When demography and illness trumps policy: Why Norwegians continue to die in institutions


Jorid Kalseth, Department of Health Research, SINTEF Technology and Society, Trondheim, and Ole Magnus Theisen, Department of Sociology and Political Science, Norwegian University of Science and Technology, Trondheim, Norway, explain the background to their longer article selected as ‘Editor’s Choice’ in the December issue of Palliative Medicine.

Jorid Kalseth

Ole Magnus Theisen

Although hospitals are the most common place to die in developed countries, when asked, many patients wish to die at home.[i] Partly for this reason, there has been a growing concern about whether hospital is a good place of death. In later years, we have seen a shift in place of death from hospital deaths to home deaths in countries such as the US, Canada and the UK. This triggered our interest in whether we see the same shift in Norway where similar objectives have been stated – a country where the authorities assume comparatively strong responsibilities for public health.

Analysing all deaths for the period 1987-2011, our first observation was that the proportion of people dying at home actually decreased from 18.3 to 14.2 per cent. There was a trend out of hospital (from 46.2 to 34.1 per cent) paralleled by an increase in deaths in nursing homes (from 29.5 to 45.5 per cent). At the same time, people lived longer, causing the death rate to fall, particularly for men, with far fewer dying from diseases to the circulatory system. Knowing that old people, especially women, more often become long-term nursing home residents, we wondered how much of the shifts in where people die could be predicted by these basic changes. We parsed the trends of where people die into (i) the effect of age, gender and cause of death; and (ii) a residual that reflects other influencing factors. It turned out that changes in age, gender, and terminal disease explained almost all of the reduction in home deaths and almost two-thirds of the increase in nursing home deaths. We found important differences between decedents’ groups, however. When taking into account the change in age and gender of the deceased, no change was found for people dying of diseases in the circulatory system or nervous system. Conversely, we found that there had been a major, genuine trend towards nursing home as place of death for people dying of cancer. The overall trend towards increased nursing home deaths was driven by middle-aged and ‘young elderly’ decedents.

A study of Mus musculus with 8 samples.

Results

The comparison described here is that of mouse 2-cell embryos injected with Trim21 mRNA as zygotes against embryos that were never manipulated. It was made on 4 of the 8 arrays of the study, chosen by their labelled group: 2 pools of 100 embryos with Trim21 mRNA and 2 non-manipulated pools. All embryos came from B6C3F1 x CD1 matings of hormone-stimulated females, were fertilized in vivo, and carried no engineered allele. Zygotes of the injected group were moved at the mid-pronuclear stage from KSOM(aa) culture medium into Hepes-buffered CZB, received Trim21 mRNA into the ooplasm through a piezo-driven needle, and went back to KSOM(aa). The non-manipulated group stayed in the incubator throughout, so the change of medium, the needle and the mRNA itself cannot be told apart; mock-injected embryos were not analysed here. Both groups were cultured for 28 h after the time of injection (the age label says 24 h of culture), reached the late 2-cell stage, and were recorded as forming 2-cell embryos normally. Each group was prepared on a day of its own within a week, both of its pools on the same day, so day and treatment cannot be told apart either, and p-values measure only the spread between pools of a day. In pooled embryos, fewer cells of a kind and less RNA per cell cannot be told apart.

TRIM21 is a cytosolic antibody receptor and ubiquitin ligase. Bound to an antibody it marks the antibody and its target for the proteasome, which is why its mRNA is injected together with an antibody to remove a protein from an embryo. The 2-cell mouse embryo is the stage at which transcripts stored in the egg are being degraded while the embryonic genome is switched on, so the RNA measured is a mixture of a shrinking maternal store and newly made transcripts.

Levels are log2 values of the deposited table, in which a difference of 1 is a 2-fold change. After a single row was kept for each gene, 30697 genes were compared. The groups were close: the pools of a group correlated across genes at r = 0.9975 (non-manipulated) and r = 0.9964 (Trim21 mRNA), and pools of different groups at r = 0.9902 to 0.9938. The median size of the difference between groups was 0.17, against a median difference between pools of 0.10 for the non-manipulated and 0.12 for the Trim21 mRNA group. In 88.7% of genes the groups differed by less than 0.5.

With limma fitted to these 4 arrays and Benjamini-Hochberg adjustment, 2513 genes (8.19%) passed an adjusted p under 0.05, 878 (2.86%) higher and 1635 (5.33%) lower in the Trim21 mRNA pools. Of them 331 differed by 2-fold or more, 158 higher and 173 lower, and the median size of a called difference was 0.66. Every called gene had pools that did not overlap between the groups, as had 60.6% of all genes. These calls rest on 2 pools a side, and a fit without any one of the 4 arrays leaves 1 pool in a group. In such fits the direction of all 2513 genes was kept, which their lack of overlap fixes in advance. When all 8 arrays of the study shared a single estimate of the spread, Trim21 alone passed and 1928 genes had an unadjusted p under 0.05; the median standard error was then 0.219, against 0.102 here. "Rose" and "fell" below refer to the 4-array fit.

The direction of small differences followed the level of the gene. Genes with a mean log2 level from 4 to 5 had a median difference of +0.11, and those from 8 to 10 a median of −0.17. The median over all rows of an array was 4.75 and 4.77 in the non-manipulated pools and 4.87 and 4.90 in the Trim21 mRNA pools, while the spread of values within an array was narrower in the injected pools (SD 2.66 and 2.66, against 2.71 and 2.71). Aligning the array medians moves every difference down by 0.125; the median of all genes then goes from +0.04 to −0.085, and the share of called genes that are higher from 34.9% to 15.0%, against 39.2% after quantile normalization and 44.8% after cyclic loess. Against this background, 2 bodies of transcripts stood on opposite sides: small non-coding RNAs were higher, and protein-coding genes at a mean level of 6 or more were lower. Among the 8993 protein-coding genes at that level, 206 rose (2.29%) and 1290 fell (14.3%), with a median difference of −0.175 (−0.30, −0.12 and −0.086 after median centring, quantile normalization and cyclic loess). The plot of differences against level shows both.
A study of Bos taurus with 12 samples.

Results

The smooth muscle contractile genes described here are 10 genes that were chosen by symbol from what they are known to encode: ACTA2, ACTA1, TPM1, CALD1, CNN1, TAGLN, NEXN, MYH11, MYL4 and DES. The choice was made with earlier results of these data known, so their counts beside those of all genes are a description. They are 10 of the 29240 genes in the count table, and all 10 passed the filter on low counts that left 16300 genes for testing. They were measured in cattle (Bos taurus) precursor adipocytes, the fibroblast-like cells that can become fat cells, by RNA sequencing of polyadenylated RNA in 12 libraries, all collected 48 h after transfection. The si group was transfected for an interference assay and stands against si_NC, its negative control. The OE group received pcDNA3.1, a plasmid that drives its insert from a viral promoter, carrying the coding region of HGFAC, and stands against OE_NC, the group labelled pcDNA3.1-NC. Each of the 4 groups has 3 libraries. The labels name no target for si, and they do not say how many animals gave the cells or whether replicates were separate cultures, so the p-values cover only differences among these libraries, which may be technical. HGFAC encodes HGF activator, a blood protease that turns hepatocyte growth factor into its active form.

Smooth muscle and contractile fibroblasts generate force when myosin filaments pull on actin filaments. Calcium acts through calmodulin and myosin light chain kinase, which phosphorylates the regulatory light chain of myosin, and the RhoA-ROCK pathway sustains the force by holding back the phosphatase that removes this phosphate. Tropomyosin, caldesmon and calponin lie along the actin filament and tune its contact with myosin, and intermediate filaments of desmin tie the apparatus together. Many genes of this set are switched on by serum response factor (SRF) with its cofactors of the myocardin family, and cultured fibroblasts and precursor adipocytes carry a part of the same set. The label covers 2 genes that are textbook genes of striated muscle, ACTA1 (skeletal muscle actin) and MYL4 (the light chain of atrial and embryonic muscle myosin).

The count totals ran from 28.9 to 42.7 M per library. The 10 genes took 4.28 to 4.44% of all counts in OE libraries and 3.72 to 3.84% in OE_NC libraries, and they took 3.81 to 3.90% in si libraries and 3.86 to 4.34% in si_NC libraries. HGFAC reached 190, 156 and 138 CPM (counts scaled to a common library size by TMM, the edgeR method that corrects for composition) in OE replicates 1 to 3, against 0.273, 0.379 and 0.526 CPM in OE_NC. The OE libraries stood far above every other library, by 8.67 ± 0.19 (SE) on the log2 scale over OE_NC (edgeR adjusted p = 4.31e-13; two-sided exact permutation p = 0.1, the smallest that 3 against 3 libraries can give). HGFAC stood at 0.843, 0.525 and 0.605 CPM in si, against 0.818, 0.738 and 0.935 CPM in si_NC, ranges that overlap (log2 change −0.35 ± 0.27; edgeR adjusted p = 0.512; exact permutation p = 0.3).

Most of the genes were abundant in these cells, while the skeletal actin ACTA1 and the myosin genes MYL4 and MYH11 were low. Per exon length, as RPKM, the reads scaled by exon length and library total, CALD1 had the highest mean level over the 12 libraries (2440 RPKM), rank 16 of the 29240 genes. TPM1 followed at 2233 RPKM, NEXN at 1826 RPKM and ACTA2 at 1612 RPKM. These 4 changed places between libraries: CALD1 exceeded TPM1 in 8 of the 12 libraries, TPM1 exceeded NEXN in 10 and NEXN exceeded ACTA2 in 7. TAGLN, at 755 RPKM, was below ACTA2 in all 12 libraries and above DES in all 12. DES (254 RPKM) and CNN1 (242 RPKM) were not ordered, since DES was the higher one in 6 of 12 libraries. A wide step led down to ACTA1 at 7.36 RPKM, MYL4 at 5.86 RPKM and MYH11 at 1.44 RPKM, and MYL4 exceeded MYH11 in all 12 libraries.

In short, demographic and epidemiological shifts play an important part in where Norwegians die. The intention to allow more people to die at home has not materialised, with nursing homes becoming an increasingly important place for terminal care for cancer patients. Norway has high employment rates, restricting the availability of informal care, and variable competence of public homecare services and general practitioners to provide around the clock high-quality terminal support. The policy in Norway has been to integrate palliative care in existing services and, as a result, hospices are almost non-existent.2 Nursing homes constitute significant community care services close to home. They have assumed an increasingly important role in providing short-term treatment and care in general, reflected in a strong policy focus on improving their capacity and competence for palliative care. Designated units or even single bedrooms for palliative care are established in some nursing homes. Most nursing homes, however, do not have designated palliative beds, but all provide basic palliation to dying patients. Palliation for cancer patients has been the driving force behind this development, and palliation for elderly dying patients has until recently received less policy attention. Still, studies show that end-of-life care in nursing homes is considered to be professional and decent by patients’ families.3


  1. Gomes N, Calanzani N, Gysels M, et al. Heterogeneity and changes in preferences for dying at home: a systematic review. BMC Palliative Care 2009; 8:4.
  2. Kaasa, S., et al. (2007). Palliative care in Norway: a national public health model. Journal of Pain and Symptom Management 33(5): 599-604.
  3. Kaarbø, E. (2011). End-of-life care in two Norwegian nursing homes: family perceptions. Journal of Clinical Nursing 20(7-8): 1125-1132.

Read the full article in Palliative Medicine . . .
This post relates to a longer article, ‘Trends in place of death: The role of demographic and epidemiological shifts in end-of-life care policy’, published in Palliative Medicine, Vol 31 (10): 964-974. Article first published February 13, 2017. DOI: 10.1177/0269216317691259.

Click here to download your free copy of this month’s Editor’s Choice article from the EAPC website.

How to download previously published ‘Editor’s choice’ articles
EAPC members and registered users of the EAPC website can download all ‘Editor’s choice’ papers free of charge from the EAPC website but you will need to register or login first. Please follow the instructions in the top right-hand corner of the EAPC home page and scroll down to the article. Click here to view other EAPC-originated papers.

Read earlier Editor’s Choice posts on the EAPC Blog.